WHO says more contaminated medicinal syrups found in new regions

GENEVA (Reuters): The World Health Organization on Thursday said several contaminated syrups and suspension medicines had been identified in countries in the WHO regions of the Americas, the Eastern Mediterranean, South-East Asia and the Western Pacific.

The affected products were manufactured by Pharmix Laboratories in Pakistan, the WHO said, and were first identified in the Maldives and Pakistan. Some of the tainted products have also been found in Belize, Fiji and Laos. Pharmix was not immediately available for comment.

The medicines, liquids containing active ingredients to treat various conditions, contained unacceptable levels of the contaminant ethylene glycol, WHO said.

The alert is the latest in a line of warnings from WHO about similarly contaminated medicines made in India and Indonesia, which were linked to the deaths of around 300 children worldwide last year.

No adverse events have been reported to the WHO regarding the Pakistan-made syrups, the agency’s statement said, but it urged countries to step up vigilance and test products made by the company between December 2021 and December 2022.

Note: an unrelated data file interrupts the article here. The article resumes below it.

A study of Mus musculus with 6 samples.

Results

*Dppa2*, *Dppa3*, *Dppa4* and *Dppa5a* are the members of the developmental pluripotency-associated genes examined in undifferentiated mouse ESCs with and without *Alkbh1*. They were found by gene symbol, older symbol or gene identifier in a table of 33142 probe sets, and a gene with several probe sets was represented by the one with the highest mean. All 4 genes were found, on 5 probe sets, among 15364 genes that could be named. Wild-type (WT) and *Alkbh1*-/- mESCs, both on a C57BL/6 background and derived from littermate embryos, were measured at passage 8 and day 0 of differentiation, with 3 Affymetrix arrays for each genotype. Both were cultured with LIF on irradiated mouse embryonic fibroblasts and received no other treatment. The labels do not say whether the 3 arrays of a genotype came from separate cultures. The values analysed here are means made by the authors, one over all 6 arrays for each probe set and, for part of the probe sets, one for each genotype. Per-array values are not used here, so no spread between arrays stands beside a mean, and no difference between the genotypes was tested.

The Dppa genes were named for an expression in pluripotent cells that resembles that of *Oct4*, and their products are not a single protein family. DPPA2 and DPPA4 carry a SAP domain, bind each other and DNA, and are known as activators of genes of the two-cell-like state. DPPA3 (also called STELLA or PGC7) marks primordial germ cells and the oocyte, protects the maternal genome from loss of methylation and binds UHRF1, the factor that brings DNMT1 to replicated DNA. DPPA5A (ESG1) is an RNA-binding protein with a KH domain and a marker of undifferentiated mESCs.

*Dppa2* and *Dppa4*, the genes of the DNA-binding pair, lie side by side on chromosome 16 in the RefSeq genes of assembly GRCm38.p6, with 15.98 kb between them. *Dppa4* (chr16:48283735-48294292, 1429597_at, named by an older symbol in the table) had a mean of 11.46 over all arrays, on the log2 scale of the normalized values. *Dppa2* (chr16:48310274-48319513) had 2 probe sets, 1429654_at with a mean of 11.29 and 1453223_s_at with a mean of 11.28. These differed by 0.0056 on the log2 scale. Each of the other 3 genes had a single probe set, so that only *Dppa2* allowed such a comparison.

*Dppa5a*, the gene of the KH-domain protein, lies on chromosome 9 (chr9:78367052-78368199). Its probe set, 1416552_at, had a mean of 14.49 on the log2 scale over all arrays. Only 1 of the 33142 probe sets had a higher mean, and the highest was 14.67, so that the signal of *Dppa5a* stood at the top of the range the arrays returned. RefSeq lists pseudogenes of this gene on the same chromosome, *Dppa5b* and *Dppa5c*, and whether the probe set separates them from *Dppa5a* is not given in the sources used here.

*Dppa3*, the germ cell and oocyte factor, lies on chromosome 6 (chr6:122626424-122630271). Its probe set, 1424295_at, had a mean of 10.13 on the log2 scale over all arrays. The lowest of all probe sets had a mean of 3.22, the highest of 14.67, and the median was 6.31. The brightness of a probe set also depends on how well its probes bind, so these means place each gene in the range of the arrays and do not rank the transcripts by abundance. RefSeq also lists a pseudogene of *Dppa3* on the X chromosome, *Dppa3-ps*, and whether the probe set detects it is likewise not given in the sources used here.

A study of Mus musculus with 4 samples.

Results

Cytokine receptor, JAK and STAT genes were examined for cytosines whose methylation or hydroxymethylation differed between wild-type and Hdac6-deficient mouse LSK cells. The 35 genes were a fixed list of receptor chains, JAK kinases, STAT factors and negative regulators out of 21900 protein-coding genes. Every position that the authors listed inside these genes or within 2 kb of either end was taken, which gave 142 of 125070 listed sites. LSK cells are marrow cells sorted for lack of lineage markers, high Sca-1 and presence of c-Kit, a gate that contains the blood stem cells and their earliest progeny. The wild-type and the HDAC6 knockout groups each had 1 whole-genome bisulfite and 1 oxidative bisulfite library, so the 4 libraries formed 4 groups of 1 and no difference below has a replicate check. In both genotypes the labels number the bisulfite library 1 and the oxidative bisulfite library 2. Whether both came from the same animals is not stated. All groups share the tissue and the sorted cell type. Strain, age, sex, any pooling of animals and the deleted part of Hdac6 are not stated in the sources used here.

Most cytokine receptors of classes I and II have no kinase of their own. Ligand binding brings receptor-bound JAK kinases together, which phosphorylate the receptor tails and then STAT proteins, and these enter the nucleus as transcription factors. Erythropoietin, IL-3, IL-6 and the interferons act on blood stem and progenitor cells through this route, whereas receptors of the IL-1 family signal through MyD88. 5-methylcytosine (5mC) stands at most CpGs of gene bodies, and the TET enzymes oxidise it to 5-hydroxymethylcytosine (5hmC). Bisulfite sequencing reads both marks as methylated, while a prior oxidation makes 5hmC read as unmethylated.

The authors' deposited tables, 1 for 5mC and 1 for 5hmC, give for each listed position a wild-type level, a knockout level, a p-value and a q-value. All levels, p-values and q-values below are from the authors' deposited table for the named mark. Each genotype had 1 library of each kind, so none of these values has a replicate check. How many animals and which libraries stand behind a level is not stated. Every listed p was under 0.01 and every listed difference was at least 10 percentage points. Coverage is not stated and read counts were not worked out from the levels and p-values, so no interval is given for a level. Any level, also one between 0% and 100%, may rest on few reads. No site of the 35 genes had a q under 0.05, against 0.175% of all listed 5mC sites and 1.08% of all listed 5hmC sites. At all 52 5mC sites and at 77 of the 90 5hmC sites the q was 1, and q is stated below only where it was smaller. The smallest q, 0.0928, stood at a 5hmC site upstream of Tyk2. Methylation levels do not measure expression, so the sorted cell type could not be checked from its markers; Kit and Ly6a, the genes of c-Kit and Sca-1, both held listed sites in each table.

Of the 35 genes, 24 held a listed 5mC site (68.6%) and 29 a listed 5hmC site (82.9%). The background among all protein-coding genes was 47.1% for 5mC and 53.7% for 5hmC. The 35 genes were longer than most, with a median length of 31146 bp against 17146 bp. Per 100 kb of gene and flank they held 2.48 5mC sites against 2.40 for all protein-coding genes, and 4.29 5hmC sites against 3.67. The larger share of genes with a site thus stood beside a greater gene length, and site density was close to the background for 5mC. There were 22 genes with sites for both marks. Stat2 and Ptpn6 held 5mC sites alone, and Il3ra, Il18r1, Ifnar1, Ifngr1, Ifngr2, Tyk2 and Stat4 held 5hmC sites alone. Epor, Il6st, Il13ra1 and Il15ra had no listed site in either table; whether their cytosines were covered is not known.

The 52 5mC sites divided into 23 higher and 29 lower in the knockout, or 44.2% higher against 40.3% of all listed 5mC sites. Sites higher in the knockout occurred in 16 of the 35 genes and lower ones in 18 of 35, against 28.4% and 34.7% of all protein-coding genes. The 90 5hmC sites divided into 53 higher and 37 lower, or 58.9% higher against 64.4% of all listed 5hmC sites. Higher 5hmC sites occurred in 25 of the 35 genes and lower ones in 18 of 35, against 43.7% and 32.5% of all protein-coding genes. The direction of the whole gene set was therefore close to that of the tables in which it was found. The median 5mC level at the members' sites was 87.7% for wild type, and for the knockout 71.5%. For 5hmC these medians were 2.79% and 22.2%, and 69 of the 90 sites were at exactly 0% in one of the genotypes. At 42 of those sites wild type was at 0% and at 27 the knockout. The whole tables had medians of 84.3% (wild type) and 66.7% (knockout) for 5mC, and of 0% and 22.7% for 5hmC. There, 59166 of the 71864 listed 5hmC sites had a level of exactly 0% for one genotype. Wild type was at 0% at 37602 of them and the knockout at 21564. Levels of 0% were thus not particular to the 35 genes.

The contamination was found in Alergo syrup in a routine examination by the Maldives Food and Drug Authority in November, and confirmed by the Australian regulator.

A follow-up inspection at Pharmix manufacturing facilities, conducted by the Drug Regulatory Authority of Pakistan, found that a number of other products were also contaminated. It has ordered the company to stop making all oral liquid medicines and issued a recall alert in November.

A total of 23 batches of Alergo syrup, Emidone suspension, Mucorid syrup, Ulcofin suspension and Zincell syrup are affected, the WHO said. Only Alergo so far has been found outside Pakistan.

The contamination levels ranged from 0.62 percent to 0.82 percent, compared to the accepted level of not more than 0.10 percent, according to the alert. The products are variously designed to treat allergies, coughs and other health issues.

“The substandard products referenced in this alert are unsafe and their use, especially in children, may result in serious injury or death,” the WHO warned.